Retro City Rampage DX
Lots to do in this "spritely" action game.
Sometimes, going back in time is the best thing you can do in the realm of gaming. Back to a simpler time when things were much easier. Much different. That's why retro throwbacks are such a huge draw for those of us who have been around since the beginning. Retro City Rampage delivers that deliciously retro tone and aesthetic in droves, and though it does falter in some ways, it's an interesting love letter to a simpler time.
It's a hyperactive GTA-meets-8-bit motif in this knock-down, drag-out free-for-all. During a particular heist gone wrong you somehow get mixed up with a Doc Brown doppelganger complete with 8-bit DeLorean, at that, who has you fetching items, facing off with bizarre robot soldiers, and completing zany side missions in a bid to thwart the evil Dr. Von Buttnick and peanut gallery of baddies. Theftropolis City is rife with opportunities to pack plenty of '80s and '90s gaming and pop culture references into a frenetic game with over 60 mission to plow through.
It's all speed and silliness all the time, from a dream sequence in which "The Player" has to run over as many civilians as possible while riding a tank to jetpacking through the city a la the Rocketeer. The neighborhood is jam-packed with a beach area, smaller residential areas, and special merchants with punny names as a nod to classic gaming characters and franchises from the golden years. There's something new to discover around every turn, and that's the bulk of the game's charm. What gaming milestone will you see next?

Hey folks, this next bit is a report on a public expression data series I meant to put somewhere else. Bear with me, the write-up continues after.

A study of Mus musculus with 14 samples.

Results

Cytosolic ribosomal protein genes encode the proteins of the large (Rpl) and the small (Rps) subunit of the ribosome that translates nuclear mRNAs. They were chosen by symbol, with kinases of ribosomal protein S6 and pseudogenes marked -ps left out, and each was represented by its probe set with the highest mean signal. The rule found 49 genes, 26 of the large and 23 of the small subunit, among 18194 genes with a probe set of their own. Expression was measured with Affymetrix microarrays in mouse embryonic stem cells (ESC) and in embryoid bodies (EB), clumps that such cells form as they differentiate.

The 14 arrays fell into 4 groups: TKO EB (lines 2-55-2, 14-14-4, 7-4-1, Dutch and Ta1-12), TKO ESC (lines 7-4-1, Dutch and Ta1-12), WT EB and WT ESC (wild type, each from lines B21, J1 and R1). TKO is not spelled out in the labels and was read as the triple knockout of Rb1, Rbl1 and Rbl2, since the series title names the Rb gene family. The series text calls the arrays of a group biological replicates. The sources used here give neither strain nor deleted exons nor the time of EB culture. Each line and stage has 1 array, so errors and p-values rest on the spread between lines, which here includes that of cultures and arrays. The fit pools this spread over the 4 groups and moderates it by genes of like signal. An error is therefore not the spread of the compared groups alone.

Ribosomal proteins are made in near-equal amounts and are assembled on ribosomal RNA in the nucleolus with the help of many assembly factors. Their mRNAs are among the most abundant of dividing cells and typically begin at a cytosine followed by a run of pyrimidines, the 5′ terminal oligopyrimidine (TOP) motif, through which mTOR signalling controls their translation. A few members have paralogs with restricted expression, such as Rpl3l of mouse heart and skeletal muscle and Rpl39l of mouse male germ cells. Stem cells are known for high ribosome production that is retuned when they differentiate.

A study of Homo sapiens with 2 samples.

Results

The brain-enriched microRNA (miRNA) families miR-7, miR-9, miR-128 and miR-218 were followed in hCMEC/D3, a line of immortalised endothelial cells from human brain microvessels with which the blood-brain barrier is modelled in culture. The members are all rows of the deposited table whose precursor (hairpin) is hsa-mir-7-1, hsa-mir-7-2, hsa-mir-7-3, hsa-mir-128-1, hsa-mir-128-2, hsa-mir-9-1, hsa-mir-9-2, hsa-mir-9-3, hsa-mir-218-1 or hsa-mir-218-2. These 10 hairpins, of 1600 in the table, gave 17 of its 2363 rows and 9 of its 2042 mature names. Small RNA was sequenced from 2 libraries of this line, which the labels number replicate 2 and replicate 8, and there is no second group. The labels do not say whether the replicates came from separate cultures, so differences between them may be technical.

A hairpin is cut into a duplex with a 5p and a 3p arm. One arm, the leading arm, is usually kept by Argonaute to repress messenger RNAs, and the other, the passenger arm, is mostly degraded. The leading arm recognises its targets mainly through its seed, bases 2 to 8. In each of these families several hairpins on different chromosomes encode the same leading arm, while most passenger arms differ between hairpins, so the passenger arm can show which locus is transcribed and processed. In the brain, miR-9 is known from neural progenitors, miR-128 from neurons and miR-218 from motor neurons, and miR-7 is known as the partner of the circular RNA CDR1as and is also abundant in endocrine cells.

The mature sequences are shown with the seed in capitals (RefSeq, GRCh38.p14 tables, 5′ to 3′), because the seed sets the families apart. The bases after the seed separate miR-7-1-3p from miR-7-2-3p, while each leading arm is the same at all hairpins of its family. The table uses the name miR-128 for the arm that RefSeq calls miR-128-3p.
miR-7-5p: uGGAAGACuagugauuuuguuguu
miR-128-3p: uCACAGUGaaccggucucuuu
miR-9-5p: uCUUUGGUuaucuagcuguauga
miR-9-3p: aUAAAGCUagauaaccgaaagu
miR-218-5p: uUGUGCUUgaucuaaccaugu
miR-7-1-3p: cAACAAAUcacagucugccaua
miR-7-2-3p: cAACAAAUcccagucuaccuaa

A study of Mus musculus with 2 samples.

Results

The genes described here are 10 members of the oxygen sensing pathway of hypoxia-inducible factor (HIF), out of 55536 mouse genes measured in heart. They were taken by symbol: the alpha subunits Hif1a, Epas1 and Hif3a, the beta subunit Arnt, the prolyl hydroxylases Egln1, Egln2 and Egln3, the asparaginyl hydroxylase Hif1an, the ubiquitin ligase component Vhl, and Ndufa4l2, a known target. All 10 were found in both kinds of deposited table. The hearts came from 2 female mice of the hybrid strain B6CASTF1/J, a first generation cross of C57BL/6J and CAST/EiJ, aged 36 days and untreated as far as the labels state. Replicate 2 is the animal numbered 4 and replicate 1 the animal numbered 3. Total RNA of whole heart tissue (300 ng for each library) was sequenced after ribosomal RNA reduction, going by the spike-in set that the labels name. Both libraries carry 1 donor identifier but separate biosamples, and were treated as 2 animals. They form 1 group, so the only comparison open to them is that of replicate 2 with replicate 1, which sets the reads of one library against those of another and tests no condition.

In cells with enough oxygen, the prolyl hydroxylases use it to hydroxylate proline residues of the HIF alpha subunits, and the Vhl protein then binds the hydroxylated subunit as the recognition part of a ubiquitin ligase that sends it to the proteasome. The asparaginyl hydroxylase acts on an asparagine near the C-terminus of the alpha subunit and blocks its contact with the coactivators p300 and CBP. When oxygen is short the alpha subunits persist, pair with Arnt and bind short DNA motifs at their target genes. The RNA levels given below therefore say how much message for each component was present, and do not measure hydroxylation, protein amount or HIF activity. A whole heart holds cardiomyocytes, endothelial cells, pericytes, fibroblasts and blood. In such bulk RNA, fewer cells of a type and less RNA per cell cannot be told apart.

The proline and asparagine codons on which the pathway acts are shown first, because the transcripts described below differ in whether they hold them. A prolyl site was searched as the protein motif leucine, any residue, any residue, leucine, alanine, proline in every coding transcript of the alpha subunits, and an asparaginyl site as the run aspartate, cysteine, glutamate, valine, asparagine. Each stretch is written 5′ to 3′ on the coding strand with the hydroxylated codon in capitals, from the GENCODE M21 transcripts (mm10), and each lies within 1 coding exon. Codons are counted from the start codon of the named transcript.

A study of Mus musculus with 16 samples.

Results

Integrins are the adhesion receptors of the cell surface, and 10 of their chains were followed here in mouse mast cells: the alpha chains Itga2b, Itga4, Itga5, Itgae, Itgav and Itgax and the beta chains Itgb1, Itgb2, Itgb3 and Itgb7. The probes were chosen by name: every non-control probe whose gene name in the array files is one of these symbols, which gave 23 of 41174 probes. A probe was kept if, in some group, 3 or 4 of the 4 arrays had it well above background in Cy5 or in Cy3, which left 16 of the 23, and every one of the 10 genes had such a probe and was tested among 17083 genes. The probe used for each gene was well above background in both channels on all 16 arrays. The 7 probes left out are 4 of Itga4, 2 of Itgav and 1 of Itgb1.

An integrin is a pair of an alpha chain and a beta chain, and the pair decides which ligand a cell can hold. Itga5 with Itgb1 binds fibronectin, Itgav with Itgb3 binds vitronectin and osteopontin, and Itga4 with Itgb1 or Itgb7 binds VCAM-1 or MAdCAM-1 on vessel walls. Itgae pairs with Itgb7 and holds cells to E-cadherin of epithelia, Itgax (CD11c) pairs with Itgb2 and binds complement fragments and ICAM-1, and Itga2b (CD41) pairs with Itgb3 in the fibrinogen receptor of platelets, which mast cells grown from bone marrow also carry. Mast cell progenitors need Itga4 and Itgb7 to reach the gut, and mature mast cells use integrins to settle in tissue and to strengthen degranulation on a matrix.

But just like GTA, Retro City Rampage has its own set of issues. You'll often be left wondering where to go next and get lost in the freeform sandbox gameplay roaming around to find new activities to mess about with, and sometimes the missions themselves aren't as exciting as they should be. Paperboy-esque jaunts are more frustrating than fun, and some of the "destroy all opposition" missions begin to wear on the nerves. There's so much to do, but the fun factor simple feels diminished after clearing the first couple of levels.
Plenty of detail was lovingly heaped upon Retro City Rampage's locales, soundtrack, and character designs, and when it shines it feels like you've been transported back to a basement back in the 80s. The rest of the time, it's a mixed bag of modern-day mechanics that get in the way. It's a shame since it's certainly on the right track, but it too often shuffles its feet to be as fantastic as we want.